Photograph by Melanie Sherman
A few years ago I bought a kayak. It was the kind of sunny, warm March day when you feel spring nipping at winter’s heels. I loaded my kayak onto my car and sped down to
Photo by KetaDesign
He flew to the island and with graceful flapping, settled on a bare tree branch. I paddled closer toward the island and then I saw another eagle, perched in the same tree. My gaze swung to the next tree. Two or three eagles clung to the naked branches. I paddled closer until the kayak bobbed twenty feet from shore and my breathing came quick and shallow. Every tree supported at least one eagle, but some as many as five. There must have been sixty or seventy.
Photograph by Andrew (Tawker)
And there, flying helter-skelter between the empty branches in a grove of trees, three juvenile eagles chased each other in a hectic game of tag. Over the gentle lapping of water I could hear the sound of their wings hitting the bark as they weaved through the maze of limbs at full speed, while the adults watched from their perches.
Photo by KetaDesign
When I got home, I sent out emails to kayaking friends. The next weekend, a dozen of us motored into the parking lot and rigged our kayaks, buckling into our life jackets, adjusting our sunglasses, slathering on sunscreen. We set off toward the middle amid the joyous silence of anticipation. But something was different. There were no birds flying, none preening in the branches, no teenagers cavorting. The trees loomed; empty and barren.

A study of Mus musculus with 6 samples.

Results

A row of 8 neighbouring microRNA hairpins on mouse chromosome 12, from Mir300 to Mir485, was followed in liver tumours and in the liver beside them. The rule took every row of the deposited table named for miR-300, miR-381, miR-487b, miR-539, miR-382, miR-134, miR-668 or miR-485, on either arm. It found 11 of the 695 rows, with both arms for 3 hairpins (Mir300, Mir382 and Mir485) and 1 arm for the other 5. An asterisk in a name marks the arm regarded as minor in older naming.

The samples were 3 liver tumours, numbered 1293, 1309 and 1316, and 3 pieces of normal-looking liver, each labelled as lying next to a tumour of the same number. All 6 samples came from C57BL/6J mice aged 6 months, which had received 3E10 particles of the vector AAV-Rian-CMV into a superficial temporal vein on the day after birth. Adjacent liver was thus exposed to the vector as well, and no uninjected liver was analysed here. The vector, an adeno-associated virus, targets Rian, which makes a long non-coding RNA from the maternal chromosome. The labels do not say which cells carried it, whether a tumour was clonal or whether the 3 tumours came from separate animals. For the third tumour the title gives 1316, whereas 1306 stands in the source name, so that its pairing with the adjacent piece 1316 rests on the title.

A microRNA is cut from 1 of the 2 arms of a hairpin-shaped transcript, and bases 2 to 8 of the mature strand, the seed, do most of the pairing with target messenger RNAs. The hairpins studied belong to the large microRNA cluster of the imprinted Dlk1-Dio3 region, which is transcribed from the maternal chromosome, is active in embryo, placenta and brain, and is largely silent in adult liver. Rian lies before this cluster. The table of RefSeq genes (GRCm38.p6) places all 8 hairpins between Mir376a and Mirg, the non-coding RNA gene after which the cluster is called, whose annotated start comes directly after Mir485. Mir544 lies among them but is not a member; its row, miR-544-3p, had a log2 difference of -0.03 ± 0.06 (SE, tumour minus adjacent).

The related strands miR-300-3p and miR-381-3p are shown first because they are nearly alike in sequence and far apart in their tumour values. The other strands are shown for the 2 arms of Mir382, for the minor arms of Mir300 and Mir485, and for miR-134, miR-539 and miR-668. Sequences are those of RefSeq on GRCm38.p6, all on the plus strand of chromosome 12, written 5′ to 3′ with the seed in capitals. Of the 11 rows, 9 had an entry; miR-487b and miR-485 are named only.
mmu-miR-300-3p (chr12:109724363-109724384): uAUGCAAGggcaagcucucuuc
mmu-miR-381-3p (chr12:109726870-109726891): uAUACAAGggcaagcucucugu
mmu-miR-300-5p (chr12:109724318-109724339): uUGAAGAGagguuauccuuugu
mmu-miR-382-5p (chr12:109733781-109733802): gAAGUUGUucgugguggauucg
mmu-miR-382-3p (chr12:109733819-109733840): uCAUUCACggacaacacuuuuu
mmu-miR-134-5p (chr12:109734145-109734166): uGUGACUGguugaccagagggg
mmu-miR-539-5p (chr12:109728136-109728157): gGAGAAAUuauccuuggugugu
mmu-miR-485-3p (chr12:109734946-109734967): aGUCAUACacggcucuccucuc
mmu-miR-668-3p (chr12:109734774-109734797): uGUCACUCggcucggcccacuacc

I stopped and gazed up, disappointment welling inside. When my eyes lowered to the water, nearly a dozen kayakers surrounded me and stared, one of them plucking little sprays of water from the surface with his blade. “An island filled with eagles, huh?” one of them scoffed.
My mouth dropped open, but it took several tries before the words came out. “They were here last week. Honest they were.” I pointed to the stillness of the island. They stared a while longer before, one by one, they turned and paddled back to shore.
Photograph by Tequesquitengo
Yes, I was sad I didn’t get to see the birds again, but my biggest disappointment was not being able to share it with others, because the wonders of the world are best when shared.